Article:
Hi everyone,

    I am doing some research for an article and still need to learn how to better/properly read and interpret research. I was doing some background searching into the fat burning effect from HIIT for weight loss, and to my knowledge it is quite overrated and even though it is relevant in theory, it is limited, with other diwnsides and not that magical.

    I started looking at articles promoting the effects and there is not often any sources cite, but sometimes i did find this: elevated metabolism - HIIT has an impressive ability to increase metabolic rate for hours after exercise. (Wingfield HL et al., 2015)
    however when i looked at the study it showed an increase immediately after the exercise, but not really after 30 min to 1 hour, which is also the latest it is even checked. So this to me does not seem to be an appropriate study to use when claiming “for hours after exercise”

    Am i correct in thinking this and are there better studies looking at the effects for a longer period of time (up to 24h for example)?

    Thanks in advance!


  • #2
    In addition to the energy used during a workout, exercise increases energy demand post workout in order to support recovery and other associated processes when an individual is at rest. For example, increases in muscle protein synthesis rates in the post workout period are thought to represent a significant increase in resting energy expenditure. The increase in energy demands necessitates additional oxygen consumption, which is known as excess post-exercise oxygen consumption or EPOC.

    The energy used during EPOC increases with intensity, volume, and amount of muscle mass used and decreases as individuals become more adapted to training. A number of studies have suggested that resistance training increases EPOC to a higher level than aerobic training. This seems to be true when measuring the energy cost of EPOC resistance training naive individuals, as they are relatively untrained to lifting weights. However, the data is equivocal when comparing the EPOC of resistance and aerobic training at similar volumes and intensities in trained individuals.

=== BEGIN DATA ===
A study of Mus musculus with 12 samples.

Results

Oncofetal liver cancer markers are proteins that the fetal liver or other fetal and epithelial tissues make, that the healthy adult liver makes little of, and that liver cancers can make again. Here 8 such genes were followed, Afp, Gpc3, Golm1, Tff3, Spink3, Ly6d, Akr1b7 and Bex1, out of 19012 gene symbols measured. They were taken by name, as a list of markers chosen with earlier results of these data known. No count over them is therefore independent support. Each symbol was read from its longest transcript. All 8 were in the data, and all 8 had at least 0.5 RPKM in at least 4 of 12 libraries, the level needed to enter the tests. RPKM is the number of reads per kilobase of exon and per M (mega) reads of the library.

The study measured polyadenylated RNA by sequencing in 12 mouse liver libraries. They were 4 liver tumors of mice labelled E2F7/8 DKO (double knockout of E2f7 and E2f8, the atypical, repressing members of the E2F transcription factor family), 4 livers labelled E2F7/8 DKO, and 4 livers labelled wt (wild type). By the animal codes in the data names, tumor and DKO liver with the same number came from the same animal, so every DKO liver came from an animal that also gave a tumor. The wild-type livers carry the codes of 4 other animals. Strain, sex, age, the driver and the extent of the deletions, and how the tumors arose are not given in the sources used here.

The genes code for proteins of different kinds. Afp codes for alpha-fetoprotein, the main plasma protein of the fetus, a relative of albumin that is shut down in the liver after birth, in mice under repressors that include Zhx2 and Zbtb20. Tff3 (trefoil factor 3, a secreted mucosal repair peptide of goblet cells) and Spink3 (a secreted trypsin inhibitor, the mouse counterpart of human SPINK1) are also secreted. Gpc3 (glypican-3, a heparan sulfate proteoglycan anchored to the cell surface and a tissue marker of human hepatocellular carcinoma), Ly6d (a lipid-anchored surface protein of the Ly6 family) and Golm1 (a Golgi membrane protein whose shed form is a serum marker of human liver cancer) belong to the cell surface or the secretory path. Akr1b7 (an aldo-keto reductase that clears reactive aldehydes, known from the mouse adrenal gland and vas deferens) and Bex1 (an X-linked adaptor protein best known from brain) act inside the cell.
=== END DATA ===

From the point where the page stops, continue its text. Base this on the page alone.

Overall, the energy expenditure during EPOC increases as exercise intensity, volume, and muscle mass used increases in both resistance training and aerobic training. Additionally, EPOC is higher in untrained than trained, as many high cost metabolic processes are adapted to in trained individuals. also appears that the overall energy contribution of EPOC to Total Daily Energy Expenditure is relatively small, ranging from 6-15% total, though the percentage decreases the further away from the workout this value is measured. This also doesn't mean EPOC increases TDEE significantly over baseline in those who regularly exercise. The energy cost of EPOC for resistance training and aerobic conditioning is likely similar when training intensities, volumes, muscle mass used, and training status are matched.